Abstract

Marine microbes are major drivers of all elemental cycles. The processing of organic carbon by heterotrophic prokaryotes is tightly coupled to the availability of the trace element iron in large regions of the Southern Ocean. However, the functional diversity in iron and carbon metabolism within diverse communities remains a major unresolved issue. Using novel Southern Ocean meta-omics resources including 133 metagenome-assembled genomes (MAGs), we show a mosaic of taxonomy-specific ecological strategies in naturally iron-fertilized and high nutrient low chlorophyll (HNLC) waters. Taxonomic profiling revealed apparent community shifts across contrasting nutrient regimes. Community-level and genome-resolved metatranscriptomics evidenced a moderate association between taxonomic affiliations and iron and carbon-related functional roles. Diverse ecological strategies emerged when considering the central metabolic pathways of individual MAGs. Closely related lineages appear to adapt to distinct ecological niches, based on their distribution and gene regulation patterns. Our in-depth observations emphasize the complex interplay between the genetic repertoire of individual taxa and their environment and how this shapes prokaryotic responses to iron and organic carbon availability in the Southern Ocean.

Fig. 2: Community functional diversity and taxonomic composition within functional groups.
Fig. 3: Statistics of significantly differentially expressed genes (SDEGs) involved in glycoside hydrolysis and key iron metabolic pathways.
Fig. 4: Ratios of ribosomal-protein versus all transcripts (L−1 Mbp−1) from 133 MAGs.
Fig. 5: The distribution of significantly differentially expressed genes (SDEGs) in the MAGs among diverse functional categories related to iron uptake and carbon metabolism.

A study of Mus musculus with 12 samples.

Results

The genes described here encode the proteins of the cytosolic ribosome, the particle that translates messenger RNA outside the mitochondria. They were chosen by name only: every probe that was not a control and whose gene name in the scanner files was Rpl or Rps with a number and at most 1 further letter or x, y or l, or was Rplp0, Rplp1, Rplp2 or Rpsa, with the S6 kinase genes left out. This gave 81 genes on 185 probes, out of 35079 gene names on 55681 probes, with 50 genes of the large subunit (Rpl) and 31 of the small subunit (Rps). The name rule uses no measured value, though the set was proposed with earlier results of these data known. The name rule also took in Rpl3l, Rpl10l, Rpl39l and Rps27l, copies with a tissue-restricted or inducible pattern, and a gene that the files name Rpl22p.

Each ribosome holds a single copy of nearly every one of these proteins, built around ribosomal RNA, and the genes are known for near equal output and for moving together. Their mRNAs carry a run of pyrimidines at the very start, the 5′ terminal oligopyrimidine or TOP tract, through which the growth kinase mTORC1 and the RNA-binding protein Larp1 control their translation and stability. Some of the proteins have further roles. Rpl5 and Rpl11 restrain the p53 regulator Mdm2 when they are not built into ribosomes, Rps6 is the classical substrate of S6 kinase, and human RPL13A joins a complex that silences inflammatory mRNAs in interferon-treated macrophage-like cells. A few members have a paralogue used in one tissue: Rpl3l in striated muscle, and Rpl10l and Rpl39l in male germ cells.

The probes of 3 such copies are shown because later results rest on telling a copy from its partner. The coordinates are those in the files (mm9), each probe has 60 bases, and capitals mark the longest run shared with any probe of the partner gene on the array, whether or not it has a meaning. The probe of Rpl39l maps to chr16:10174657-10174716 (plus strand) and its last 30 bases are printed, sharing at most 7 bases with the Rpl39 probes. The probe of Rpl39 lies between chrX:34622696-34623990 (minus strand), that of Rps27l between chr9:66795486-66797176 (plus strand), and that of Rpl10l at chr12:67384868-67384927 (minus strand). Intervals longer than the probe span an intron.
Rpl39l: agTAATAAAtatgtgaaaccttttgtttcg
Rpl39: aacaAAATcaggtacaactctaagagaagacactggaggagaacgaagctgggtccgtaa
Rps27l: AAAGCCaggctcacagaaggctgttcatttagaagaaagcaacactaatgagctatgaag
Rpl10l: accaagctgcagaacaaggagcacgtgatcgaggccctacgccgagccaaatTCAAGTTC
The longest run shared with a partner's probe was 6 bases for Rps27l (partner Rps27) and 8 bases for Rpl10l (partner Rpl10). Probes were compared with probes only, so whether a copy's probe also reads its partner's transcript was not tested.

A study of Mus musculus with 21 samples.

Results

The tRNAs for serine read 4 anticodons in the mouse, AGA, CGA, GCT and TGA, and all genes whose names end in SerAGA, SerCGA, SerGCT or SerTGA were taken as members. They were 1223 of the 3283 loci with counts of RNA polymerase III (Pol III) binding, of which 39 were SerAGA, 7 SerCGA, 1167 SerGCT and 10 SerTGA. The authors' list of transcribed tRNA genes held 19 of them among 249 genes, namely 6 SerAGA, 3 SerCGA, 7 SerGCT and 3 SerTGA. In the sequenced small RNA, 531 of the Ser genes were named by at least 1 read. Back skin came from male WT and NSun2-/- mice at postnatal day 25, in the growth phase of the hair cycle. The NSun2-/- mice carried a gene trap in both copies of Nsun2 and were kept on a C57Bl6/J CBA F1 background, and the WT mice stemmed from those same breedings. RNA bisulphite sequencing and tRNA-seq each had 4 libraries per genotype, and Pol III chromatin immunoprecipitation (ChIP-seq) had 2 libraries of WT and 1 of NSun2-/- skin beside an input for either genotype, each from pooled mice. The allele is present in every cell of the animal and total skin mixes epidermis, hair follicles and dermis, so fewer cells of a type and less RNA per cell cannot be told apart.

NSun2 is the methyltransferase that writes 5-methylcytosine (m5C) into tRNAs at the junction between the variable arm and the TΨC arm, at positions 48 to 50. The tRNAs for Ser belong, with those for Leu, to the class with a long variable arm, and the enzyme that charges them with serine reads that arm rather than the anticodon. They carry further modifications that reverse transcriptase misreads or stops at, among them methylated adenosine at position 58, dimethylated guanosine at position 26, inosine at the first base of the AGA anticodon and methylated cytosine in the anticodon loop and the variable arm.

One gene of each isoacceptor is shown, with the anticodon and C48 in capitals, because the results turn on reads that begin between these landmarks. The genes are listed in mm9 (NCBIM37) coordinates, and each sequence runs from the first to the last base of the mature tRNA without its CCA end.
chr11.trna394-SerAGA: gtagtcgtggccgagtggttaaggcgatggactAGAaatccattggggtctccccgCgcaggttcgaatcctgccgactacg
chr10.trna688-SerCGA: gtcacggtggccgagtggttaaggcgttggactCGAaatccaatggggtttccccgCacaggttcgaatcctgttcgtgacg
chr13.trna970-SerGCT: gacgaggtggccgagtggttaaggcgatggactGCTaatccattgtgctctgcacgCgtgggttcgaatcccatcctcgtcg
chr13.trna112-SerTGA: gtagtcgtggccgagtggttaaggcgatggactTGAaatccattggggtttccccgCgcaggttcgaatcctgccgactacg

Data availability

The data sets generated and analysed during the current study are available in the European Nucleotide Archive (ENA) repository at https://www.ebi.ac.uk/ena under the project ID PRJEB37465 (metagenome) and PRJEB37466 (metatranscriptome). The metagenome reads are under the accession number ERR4234198- 4234200. The metatranscriptome reads are under the accession number ERR4234183-4234191. The 949 228 contigs are under the accession number ERZ1694383. The 133 MAGs are under the accession number ERZ1694384-1694516.


We thank B. Quéguiner, the PI of the MOBYDICK project, for providing us the opportunity to participate to this cruise, the captain and crew of the R/V Marion Dufresne for their enthusiasm and support aboard during the MOBYDICK–THEMISTO cruise (https://doi.org/10.17600/18000403). This work was supported by the French oceanographic fleet (“Flotte océanographique française”), the French ANR (“Agence Nationale de la Recherche”, AAPG 2017 program, MOBYDICK Project number: ANR-17-CE01-0013), the French Research program of INSU-CNRS-LEFE/CYBER (“Les enveloppes fluides et l’environnement” - “Cycles biogéochimiques,environnement et ressources”) and the Austrian FWF grant under the number P28781-B21. The authors thank the Roscoff Analyses and Bioinformatics for Marine Sciences Platform (ABiMS; http://abims.sb-roscoff.fr/) and the French Institute of Bioinformatics (IFB; https://www.france-bioinformatique.fr) for providing computational facilities and technical supports. We thank S. Blain for providing the satellite-based chlorophyll a data for the period 1998-2017. We also thank M. A. Moran and M. Landa for providing the internal standards for further in vitro transcription. Two reviewers provided detailed and insightful comments that helped to improve previous versions of our manuscript.